There are some questions that commonly come up regarding certain aspects of the candidacy exam. Although many of these are formally addressed in the Candidacy Exam section of the MPB Graduate Student Guidelines, it may be helpful for students going through the Candidacy Exam process to review these questions to help prevent some misunderstandings. Of course, students are always welcome and encouraged to consult with the DGS and/or the AED to clarify any aspect of the Candidacy Exam.


1. Can I use transgenic mice in my Candidacy Exam proposal?

It depends on the intended use, and the available literature on the line. One common use of transgenic lines is as a tool in promoter analysis. In this case, transgenics are generated with pieces of the promotor driving expression of a reporter gene. The mice are then sacrificed and the pattern of reporter expression assessed. A proposal to generate mice for this purpose to test a hypothesis is fine.

In another type of experiment, an individual wishes to generate a new transgenic line to study a cellular of behavioral process in a postnatal animal. This is more problematic. Since the animal has not yet been generated, two major concerns exist. First, if a new targeting construct or transgenic construct needs to be generated and used, how practical is the construct for the specific genetic insertion or locus? This is largely an unknown. Second, will the genetic manipulation produce unanticipated consequences that will produce lethality or other effects that would prohibit the needed experiments from being performed? Again, this is an unknown. Thus, just as in study section with a new grant application, this approach is frowned upon in our qualifying exam.


2. Can I consult one of my lab/department colleagues?

 Contrary to what your PI might have you believe, it is rare that someone writes a grant in complete isolation. We ENCOURAGE you to talk with ANYONE to learn about the strengths and weakness of approaches, and to ask GENERAL questions about a field of research. Here’s a list of hypothetical appropriate and inappropriate questions as examples.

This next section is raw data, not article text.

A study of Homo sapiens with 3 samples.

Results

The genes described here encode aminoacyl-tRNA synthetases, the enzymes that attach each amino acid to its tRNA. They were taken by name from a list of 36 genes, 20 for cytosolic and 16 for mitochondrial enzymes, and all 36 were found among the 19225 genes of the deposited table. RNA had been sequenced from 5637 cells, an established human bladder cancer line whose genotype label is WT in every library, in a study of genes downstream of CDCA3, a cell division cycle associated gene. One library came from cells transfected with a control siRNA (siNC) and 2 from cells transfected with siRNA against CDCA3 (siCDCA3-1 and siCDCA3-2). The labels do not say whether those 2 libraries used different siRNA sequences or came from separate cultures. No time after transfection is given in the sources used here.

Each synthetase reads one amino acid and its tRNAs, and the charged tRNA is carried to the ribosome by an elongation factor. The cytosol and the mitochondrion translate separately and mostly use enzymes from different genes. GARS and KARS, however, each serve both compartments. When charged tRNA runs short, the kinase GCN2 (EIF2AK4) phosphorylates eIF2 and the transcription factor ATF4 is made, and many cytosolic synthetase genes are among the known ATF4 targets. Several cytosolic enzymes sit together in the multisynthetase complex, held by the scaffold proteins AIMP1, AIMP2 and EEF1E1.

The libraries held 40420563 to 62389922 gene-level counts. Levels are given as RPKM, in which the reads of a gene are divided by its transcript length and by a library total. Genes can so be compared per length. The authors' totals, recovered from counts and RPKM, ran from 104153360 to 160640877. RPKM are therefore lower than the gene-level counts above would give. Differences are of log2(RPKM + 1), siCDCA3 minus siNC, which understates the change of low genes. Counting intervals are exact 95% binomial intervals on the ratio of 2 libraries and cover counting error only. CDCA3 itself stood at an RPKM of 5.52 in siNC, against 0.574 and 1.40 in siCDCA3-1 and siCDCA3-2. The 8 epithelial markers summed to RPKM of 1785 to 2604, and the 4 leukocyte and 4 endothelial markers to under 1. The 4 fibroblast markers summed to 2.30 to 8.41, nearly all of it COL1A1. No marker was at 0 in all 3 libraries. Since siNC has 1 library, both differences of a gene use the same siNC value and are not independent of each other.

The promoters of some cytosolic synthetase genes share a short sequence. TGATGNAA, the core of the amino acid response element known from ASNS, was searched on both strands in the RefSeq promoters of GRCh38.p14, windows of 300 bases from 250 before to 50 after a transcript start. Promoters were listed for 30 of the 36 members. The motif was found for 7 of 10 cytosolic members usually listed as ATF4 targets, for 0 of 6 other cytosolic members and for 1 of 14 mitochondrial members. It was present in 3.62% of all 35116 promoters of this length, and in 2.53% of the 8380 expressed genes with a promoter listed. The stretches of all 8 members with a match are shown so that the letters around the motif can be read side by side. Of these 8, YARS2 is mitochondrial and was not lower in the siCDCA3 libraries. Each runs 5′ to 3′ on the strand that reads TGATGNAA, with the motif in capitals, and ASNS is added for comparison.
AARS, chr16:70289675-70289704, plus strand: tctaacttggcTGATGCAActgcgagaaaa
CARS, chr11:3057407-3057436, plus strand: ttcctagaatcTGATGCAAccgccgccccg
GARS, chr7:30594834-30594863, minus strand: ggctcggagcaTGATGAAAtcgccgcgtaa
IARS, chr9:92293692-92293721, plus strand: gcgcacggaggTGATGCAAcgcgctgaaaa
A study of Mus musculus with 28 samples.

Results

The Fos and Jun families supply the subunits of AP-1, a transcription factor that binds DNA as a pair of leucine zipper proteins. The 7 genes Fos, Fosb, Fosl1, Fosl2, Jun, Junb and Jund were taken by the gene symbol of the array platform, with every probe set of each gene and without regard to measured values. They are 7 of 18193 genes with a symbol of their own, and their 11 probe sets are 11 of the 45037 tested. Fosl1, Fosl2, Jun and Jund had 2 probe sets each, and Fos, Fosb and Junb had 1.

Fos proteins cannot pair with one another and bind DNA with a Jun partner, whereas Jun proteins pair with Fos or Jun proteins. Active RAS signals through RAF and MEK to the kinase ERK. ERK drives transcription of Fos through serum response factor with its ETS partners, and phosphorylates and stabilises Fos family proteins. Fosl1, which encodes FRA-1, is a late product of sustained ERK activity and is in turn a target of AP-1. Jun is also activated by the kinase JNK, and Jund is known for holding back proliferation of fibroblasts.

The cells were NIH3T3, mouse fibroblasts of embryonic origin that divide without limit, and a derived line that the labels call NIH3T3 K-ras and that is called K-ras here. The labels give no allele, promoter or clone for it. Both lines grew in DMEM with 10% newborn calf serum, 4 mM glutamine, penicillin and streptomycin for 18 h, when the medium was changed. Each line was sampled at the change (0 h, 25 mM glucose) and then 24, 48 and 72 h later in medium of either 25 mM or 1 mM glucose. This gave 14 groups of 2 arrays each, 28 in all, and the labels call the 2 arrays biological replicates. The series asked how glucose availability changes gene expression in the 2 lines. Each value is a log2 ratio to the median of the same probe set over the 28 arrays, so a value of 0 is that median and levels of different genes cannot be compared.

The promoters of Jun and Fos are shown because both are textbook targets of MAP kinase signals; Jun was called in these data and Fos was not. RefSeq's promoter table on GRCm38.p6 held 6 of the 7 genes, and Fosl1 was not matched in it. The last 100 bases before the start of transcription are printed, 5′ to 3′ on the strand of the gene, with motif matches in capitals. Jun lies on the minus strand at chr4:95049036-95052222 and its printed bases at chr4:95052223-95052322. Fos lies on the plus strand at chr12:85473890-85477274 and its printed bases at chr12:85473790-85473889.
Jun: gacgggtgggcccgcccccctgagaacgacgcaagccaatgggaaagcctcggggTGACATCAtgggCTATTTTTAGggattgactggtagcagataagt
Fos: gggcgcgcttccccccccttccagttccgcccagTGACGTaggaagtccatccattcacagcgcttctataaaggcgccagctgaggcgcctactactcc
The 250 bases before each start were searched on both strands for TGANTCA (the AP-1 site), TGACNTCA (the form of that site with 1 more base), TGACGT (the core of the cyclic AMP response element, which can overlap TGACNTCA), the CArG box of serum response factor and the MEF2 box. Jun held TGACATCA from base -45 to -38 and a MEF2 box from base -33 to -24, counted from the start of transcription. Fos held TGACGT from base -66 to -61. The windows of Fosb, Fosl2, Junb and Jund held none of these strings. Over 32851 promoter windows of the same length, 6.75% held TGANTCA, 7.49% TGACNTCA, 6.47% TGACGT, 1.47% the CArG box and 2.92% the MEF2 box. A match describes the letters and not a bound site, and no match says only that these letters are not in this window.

Can you help me understand the strengths and weaknesses of this technique?
Can you explain this concept in the field to me?

What is the best way to determine the level of my protein of interest in a tissue?
What is the next big and important question in this field?
Will you give me a hypothesis?


3. Can I ask someone to read my proposal for English usage, grammar and/or clarity?

NO. It is imperative that the document be completely in your own words. Obviously, the better the grammar and clarity, the better the document will be received by the committee. However, this is not an exercise in grammar. Just do your best and use the grammar and spell-checkers in Word before you turn it in.


4. Who will serve on my examination committee and when will I find out?

Once you have turned in your abstract, the DGS and AED, in consultation with the GEC, will assign an examination committee for you. You will be informed of the 4 MPB members of your committee during your first abstract review. You will be informed of the external member of your committee shortly after your second abstract review.


5. What are the consequences of deferring my initial attempt at the Candidacy Examination?

The one negative consequence is a longer period of time before you have your first meeting with your thesis committee to give you feedback on your research. However, because deferred students are encouraged to work actively in their labs during the period of deferral, there is no net loss of research time. The advantage in the deferral is that it allows you more time to develop your scientific thinking skills and practice answering questions in front of a group (presenting at lab group meetings is a valuable tool for developing these skills).


6. Is my proposed project for my qualifying exam too similar to my research project?

This is undeniably a gray area. You are free to bring your abstract to the DGS and/or AED for advice on this, though in the end this is a decision made by your entire examination committee at the time of the abstract review. As a general rule of thumb, as long as no one in YOUR lab is actively working or talking about working on the project and you have no knowledge of that specific project being done in another lab, it is a reasonable one for you to propose.